Wednesday, March 25, 2009
The Struggle to Keep Justification Pure
The Harrowing of Hell as depicted by Fra Angelico
I was re-reading a LOGIA article written by Armin Wenz entitled ,,Justification and Holy Scripture: Sola fide et sola Scriptura" (LOGIA, Vol. XIV, No. 2 [Eastertide 2005]).
Two points (among many) struck me as very pertinent:
1. The principles of Scripture alone and faith alone are inseparably connected, and justification must be reflected in these distinctions concerning holy Scripture (Wenz 5).
2. Every approach to holy Scripture which emancipates itself from the christological approach would be nothing less than a relapse into a humanist, rationalist, or works-righteous approach (Wenz 6). These three approaches strike against justification by grace through faith in Jesus Christ.
Humanism wasn't always against the article of justification. In the 14th century, European universities (starting in Italy) began stressing humanism over the traditional scholasticism. The Reformation began at a time in the Middle Ages when the Renaissance and humanism were blooming. Humanism sought to return to the classical languages of Hebrew, Greek, and Latin, and going back to the original texts. Humanism soon influenced concepts of freedom, religion, history, science, and other academic disciplines. Humanism helped further things like the Textus Receptus (the Received Text, which was the first compilation of the Greek New Testament that was the forefather of the Nestle-Aland Greek New Testaments that pastors and theologians use today). The University of Wittenberg was established as a humanistic university. Philip Melanchthon was a humanist scholar and he was the first Greek professor at the University of Wittenberg.
Rationalism grew out of humanist philosophy. Reason reigns supreme in rationalsim, and as such, miracles and the supernatural tend to be downplayed or rejected. Rationalism lead to the Enlightenment (examples of Enlightenment thought can be seen in the writings of the early American founders, like Washinton, Jefferson, and Madison, etc.). Rationalism lead to the 19th and 20th centuries fascination with historical criticism, which is a Biblical exegetical process that attempts to critique the holy Scriptures using a variety of source theories. Unfortunately, historical criticism leads to the denial of Christ.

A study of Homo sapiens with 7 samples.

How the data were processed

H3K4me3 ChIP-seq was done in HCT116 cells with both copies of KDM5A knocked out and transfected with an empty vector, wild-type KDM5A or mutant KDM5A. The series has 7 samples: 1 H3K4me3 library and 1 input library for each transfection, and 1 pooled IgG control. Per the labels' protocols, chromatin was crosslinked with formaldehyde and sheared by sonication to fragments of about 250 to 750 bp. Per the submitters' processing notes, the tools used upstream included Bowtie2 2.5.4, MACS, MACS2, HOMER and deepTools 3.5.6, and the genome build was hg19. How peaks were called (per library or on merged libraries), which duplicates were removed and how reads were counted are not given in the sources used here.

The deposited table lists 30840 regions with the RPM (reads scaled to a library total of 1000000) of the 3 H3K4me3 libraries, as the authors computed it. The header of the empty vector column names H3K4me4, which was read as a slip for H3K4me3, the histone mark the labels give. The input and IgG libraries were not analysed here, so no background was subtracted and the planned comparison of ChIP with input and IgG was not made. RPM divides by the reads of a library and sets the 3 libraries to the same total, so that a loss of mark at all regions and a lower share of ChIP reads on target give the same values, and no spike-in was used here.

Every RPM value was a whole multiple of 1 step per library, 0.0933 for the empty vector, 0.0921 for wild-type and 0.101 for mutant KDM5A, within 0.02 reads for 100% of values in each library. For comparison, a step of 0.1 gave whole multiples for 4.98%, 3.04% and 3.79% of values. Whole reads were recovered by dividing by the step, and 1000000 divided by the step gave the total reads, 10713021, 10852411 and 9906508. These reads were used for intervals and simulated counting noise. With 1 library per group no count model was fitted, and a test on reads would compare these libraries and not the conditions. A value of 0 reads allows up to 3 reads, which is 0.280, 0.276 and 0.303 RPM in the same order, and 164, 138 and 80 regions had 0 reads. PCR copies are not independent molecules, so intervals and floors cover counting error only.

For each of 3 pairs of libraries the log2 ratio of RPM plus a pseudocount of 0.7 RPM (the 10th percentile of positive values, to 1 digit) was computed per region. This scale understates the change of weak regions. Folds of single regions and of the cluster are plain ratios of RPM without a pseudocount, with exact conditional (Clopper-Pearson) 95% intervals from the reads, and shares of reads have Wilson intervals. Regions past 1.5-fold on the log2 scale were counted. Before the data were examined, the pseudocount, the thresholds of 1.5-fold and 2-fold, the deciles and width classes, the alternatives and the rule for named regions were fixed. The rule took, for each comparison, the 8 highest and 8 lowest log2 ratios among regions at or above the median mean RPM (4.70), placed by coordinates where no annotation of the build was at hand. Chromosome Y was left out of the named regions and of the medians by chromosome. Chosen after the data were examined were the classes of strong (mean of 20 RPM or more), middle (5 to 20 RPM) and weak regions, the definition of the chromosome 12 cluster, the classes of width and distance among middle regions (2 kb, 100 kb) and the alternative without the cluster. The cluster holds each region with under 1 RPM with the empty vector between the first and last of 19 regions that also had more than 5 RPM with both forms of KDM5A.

Strictly speaking, humanism and rationalism are not antithetical to the article of justification. They are merely tools that theologians have used to mine the depths of holy Scripture. However, when humanism and rationalism are allowed to run amok, the article of justification suffers. This occurs when humanism and rationalism focus solely inward on the mind and intellect of human beings as the answers to all things.
Works-righteousness is the exact opposite of justification by faith. Works-righteousness is the approach that by our works we can merit or help merit our justification before God. As such, works-righteousness is a Pelagian or Semi-Pelagian heresy whereby we do our part in meriting justification.
Unfortunately, our sinful human flesh is drawn to our own reason and works to merit or help merit our justification before God. Justificaiton, therefore, is revealed in the written Scriptures, and justificaiton must be received by faith.